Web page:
Create perspective by warping your textures in Photoshop

I’m a firm believer that you shouldn’t purely rely on software to do the work for you. A good artist should be able to understand and construct the basic principles of drawing, including perspective. However, there are some useful Photoshop plug-ins and tools available that can help speed up the process. 

Among some of the more useful tools I’ve found, the Perspective Tools v2 for Photoshop CC-CC2015 purchasable extension has proven to be valuable. It helps to easily create perspective and parallel grids in seconds. Mainly using the Pen Tool, the user can draw a couple of lines, click the Grids button and the extension works out perspective grids instantly. Perspective Tools v2 also offers a variety of additional features, including the ability to bend and warp textures perfectly to any perspective grids you may need.

If you’re looking for a powerful yet easy-to-use perspective tool in Photoshop then look no further. You can get hold of the extension at here

Here's how to use it to warp your textures in Photoshop:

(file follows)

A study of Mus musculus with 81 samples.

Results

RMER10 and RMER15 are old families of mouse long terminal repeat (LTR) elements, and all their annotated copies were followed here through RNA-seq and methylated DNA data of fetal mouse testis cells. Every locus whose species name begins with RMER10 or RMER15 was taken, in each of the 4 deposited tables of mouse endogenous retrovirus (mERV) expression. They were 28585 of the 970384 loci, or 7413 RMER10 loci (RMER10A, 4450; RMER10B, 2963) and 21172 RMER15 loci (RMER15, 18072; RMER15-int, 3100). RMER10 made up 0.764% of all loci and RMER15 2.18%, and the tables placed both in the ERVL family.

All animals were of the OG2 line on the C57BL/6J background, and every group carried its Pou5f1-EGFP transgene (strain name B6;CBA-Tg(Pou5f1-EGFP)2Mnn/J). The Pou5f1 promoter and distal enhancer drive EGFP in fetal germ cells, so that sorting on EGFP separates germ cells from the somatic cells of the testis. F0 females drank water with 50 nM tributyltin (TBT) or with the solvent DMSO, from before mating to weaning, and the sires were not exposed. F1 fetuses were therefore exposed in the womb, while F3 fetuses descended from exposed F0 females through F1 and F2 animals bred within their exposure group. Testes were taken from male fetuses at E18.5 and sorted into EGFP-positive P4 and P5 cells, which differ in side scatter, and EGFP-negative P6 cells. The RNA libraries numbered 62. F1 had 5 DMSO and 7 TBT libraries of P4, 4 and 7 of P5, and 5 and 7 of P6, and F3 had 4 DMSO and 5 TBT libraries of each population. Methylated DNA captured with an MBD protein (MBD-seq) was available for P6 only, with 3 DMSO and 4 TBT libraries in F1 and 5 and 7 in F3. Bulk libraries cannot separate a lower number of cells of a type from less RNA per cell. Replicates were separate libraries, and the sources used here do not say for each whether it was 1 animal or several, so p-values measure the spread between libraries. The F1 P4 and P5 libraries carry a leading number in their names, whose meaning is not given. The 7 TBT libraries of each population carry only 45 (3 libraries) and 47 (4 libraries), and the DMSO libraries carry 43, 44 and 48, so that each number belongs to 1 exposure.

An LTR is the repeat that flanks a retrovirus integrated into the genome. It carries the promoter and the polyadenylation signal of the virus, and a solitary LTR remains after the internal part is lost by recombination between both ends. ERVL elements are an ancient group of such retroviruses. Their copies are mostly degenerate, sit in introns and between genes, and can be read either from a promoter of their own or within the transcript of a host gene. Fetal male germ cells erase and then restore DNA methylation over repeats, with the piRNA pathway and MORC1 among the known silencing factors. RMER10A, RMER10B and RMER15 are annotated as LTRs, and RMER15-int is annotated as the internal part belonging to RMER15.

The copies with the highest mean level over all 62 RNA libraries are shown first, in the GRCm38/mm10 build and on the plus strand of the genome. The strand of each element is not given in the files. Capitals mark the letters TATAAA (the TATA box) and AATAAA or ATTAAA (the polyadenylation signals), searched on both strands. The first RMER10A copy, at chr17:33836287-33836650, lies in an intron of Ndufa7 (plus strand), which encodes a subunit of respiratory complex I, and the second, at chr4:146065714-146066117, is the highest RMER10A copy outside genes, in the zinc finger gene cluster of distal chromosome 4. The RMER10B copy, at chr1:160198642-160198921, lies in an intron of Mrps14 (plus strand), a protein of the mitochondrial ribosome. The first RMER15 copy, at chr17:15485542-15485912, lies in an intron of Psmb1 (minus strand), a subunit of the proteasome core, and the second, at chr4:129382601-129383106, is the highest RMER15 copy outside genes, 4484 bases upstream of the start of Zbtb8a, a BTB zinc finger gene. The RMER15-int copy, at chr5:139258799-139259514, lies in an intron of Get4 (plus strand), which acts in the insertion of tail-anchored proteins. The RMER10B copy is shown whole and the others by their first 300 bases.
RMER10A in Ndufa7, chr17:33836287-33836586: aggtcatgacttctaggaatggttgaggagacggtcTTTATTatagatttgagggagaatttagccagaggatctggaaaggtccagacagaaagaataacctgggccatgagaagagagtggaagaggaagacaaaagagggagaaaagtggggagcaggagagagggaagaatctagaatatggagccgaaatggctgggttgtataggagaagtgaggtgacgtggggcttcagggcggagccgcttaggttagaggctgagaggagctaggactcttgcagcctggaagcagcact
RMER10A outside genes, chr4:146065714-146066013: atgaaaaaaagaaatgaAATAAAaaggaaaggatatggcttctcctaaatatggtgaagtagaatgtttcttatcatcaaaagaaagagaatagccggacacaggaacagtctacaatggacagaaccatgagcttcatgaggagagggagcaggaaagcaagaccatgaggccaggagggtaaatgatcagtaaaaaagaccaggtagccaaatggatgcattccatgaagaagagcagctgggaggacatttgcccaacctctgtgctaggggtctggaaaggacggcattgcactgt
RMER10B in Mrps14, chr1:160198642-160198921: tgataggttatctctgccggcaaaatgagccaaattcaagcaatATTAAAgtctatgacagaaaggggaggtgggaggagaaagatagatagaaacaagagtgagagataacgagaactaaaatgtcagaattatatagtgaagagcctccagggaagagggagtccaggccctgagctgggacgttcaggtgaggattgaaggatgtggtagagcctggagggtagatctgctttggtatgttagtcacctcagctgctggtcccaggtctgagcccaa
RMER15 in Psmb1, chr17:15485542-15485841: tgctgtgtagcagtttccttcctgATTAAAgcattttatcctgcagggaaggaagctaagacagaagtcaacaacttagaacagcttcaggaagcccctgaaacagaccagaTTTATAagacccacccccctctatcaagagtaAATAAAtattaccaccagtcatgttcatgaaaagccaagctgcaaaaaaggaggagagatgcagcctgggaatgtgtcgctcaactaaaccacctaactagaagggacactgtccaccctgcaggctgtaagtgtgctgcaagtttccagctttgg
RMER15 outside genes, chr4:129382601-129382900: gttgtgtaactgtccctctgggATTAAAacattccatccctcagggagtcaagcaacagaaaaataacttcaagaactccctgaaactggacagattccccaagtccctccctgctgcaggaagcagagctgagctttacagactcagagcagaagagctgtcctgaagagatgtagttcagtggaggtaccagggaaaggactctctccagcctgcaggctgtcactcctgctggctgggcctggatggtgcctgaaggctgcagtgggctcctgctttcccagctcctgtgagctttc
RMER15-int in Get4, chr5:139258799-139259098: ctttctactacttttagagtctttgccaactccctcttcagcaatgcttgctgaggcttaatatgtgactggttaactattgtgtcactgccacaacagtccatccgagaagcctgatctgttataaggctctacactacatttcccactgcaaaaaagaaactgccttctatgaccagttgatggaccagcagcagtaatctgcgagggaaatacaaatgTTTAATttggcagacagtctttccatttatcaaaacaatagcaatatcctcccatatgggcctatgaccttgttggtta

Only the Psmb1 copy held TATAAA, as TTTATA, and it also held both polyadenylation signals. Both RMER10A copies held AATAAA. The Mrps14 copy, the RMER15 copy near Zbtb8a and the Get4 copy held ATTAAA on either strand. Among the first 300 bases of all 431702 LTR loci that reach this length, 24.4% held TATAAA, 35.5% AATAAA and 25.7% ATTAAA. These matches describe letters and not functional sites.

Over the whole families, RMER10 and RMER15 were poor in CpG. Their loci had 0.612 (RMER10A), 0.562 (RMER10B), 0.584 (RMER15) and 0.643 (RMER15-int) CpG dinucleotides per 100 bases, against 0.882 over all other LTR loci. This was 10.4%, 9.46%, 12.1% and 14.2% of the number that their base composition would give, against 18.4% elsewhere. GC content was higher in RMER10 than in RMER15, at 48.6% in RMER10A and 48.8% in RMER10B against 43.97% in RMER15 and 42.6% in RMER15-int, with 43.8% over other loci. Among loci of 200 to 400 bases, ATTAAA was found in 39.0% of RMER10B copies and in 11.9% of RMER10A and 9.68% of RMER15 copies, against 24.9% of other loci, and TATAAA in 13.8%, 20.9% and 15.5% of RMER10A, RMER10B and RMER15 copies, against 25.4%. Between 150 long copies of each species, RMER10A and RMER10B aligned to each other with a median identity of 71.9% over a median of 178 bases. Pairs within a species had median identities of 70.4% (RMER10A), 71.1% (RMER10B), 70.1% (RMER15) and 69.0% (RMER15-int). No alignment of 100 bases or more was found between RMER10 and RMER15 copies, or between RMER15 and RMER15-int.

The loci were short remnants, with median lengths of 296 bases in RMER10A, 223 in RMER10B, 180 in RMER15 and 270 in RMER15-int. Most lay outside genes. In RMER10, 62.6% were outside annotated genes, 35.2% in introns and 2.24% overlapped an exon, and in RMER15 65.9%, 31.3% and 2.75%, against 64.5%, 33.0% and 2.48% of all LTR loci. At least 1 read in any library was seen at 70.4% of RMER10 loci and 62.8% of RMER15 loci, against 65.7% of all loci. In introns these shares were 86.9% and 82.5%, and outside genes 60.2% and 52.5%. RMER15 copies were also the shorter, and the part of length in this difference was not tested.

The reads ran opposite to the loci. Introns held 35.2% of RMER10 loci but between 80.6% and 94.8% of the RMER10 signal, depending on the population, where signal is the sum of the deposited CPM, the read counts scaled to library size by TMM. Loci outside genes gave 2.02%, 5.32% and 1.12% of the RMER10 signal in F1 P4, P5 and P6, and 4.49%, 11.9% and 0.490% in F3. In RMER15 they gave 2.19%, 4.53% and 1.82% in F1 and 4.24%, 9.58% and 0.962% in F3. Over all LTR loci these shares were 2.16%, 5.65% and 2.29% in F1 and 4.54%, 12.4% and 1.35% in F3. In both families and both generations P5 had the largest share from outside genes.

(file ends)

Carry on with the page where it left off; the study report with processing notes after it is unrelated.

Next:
01. Open up your assets

Starting point

Starting point

To illustrate my point on warping textures using Perspective Tools v2, I’ve created an example for you to see. I have a series of cubes that I want to turn into metal crates. I also have a flat, metallic texture I want to use, but the perspective doesn’t currently match my image.

02. Make your Path Points

The order matters for the points

The order matters for the points

Using Photoshop’s Pen Tool (press P for the shortcut), I need to create four Path Points on my image. I begin in the top left corner, go to the upper right corner, down to the bottom right, and then to the lower left. Bear in mind that the order you place the points matters.

03. Warp on!

Press warp to place the texture

Press warp to place the texture

When I’m satisfied with the placement of my Path Points, I can press the Warp button available in the Perspective Tools v2 window extension. This snaps the texture into the correct position. And because the texture was a Smart Object, the layer remains editable.

This article was originally featured in ImagineFX issue 140; buy it here.